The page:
Cost estimate of property damage downtown hard to come by

Five days after violent protests hit downtown Atlanta, there’s still no estimate of financial losses from the property damage and looting that dozens of businesses sustained.

Business leaders in Buckhead have produced an estimate — between $10 million and $15 million of damage was done along a four-mile stretch of Peachtree Road, according to the Buckhead Coalition.

Downtown has been much tougher to assess. It's been hit harder, over a wider area and for a longer period of time than Buckhead. Police have closed off much of the impacted area, making it hard for experts to inspect the damage up close, said Bruce Seaman, a public-finance and economics professor at Georgia State University.

“That makes it premature to even try to put any numbers on it,” Seaman said.


Establishments that sustained damage include the CNN Center; the College Football Hall of Fame; the Embassy Suites, Omni Hotel and American Hotel Atlanta; the restaurants McCormick & Schmick’s, Ruth’s Chris Steak House, Hudson Grille, Stats and Waffle House; the convenience store Kwan’s Deli; and the Children’s Museum of Atlanta.

Foot Locker store at Underground Atlanta was hit Tuesday, the fifth night of protests. Atlanta Police arrested 52 people from Tuesday night's protest.

Most of the damage at Centennial Olympic Park was cosmetic, said Jennifer LeMaster, a spokeswoman for the park’s manager, the Georgia World Congress Center Authority. It’s still determining the cost of its losses, she said.

No other local or state government department, business association or law enforcement group has issued potential cost estimates, either.

Central Atlanta Progress, an organization of business and civic leaders downtown, has not generated a cost estimate, and it may be some time before it can, president A.J. Robinson said this week.

The Atlanta Police Department does not generate cost estimates from protests, spokesman Carlos Campos said.

“If someone breaks your window, you call the police. We take the police report and try to find the person who did it so they can be arrested,” he said. “We don’t follow up and ask you how much it cost to fix your window.”

City Hall has not responded to questions about cost estimates because of protest-related property damage.

The state Department of Insurance won’t have an estimate of the costs sustained by insurance policyholders for several weeks, after claims information is filed, an agency spokesman said.

The Metro Atlanta Chamber of Commerce and the Atlanta Business League, an organization for black-owned businesses located downtown, have not generated cost estimates, group representatives said.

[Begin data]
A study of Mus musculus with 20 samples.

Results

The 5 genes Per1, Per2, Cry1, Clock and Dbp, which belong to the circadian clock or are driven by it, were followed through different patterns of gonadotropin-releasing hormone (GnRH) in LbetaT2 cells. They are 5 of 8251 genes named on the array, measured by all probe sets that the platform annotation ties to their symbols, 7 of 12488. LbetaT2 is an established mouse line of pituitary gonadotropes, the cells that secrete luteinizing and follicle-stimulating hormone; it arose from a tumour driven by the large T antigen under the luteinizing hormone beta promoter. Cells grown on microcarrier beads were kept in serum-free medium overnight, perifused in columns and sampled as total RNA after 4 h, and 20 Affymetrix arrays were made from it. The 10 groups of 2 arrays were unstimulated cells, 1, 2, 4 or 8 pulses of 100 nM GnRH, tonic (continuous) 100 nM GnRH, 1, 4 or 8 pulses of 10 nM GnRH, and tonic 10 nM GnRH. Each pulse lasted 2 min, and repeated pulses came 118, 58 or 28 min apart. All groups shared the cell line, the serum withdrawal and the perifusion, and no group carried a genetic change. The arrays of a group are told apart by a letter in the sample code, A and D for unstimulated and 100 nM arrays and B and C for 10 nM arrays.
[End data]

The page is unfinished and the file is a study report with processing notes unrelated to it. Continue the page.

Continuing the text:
The Buckhead Coalition generated its estimate of $10 million to $15 million by consulting with construction firms, president Sam Massell said. Building contractors have current values for work such as replacing large plate-glass windows and rebuilding damaged exteriors.

“Contractors know how much these things cost,” Massell said.

The Buckhead Coalition’s estimate does not include the cost of inventory stolen by looters, Massell said.

Many parts of Buckhead that were damaged have reopened, but that’s not the case downtown. Most insurance adjusters won’t enter an area that’s been closed off by law enforcement, even if that means delays in processing a client’s claims request, said Ken Tolson, U.S. president of claims solutions at Crawford & Co. in Peachtree Corners.

“We’ll put an adjuster there as quickly as we’re allowed,” he said.

Adjusters must inspect physical damage in-person before specific cost estimates can be calculated, Tolson said.

In the meantime, Tolson recommended that business owners take photos and board up their damaged property as quickly as possible, even while waiting for an insurance adjuster to arrive.

Most business insurance policies will cover damage caused by civil unrest, said Robert Gordon, senior vice president of policy at the American Property Casualty Insurance Association.

Some U.S. companies provide calculations of losses from events such as tornadoes and hurricanes, but they are less forthcoming about damage caused by civil unrest. Property Claim Services, a unit of Jersey City, N.J.-based Verisk Analytics, will provide an estimate of damages nationwide, but only about 15 days after an event happened, a spokesman said.

Karen Clark & Co. in Boston, a competitor to Property Claim Services, will not provide damage estimates, a spokesman said.

The 1992 Rodney King riots in Los Angeles were by far the costliest protests in U.S. history, generating an estimated $775 million of losses for the insurance industry, or $1.4 billion in today’s dollars, according to Verisk. The 1965 Watts riots, also in Los Angeles, were the second costliest at $44 million ($357 million in today’s dollars). Most recently, the 2015 Baltimore riots produced $24 million of insurance losses ($26 million in today’s dollars).

In downtown Atlanta, merchants are preparing for how to reopen after the protests cool off. It’s a process made more complicated by the fact that many had been closed for weeks because of the coronavirus, especially restaurants.

“We were in the process of bringing employees back in a gradual way, and that’s all been interrupted,” said David Marvin, whose company Legacy Ventures owns Stats and other restaurants downtown.

“It’s a war zone down here,” he said. “I had probably 25 guys with 150 sheets of plywood boarding up broken windows on Saturday.”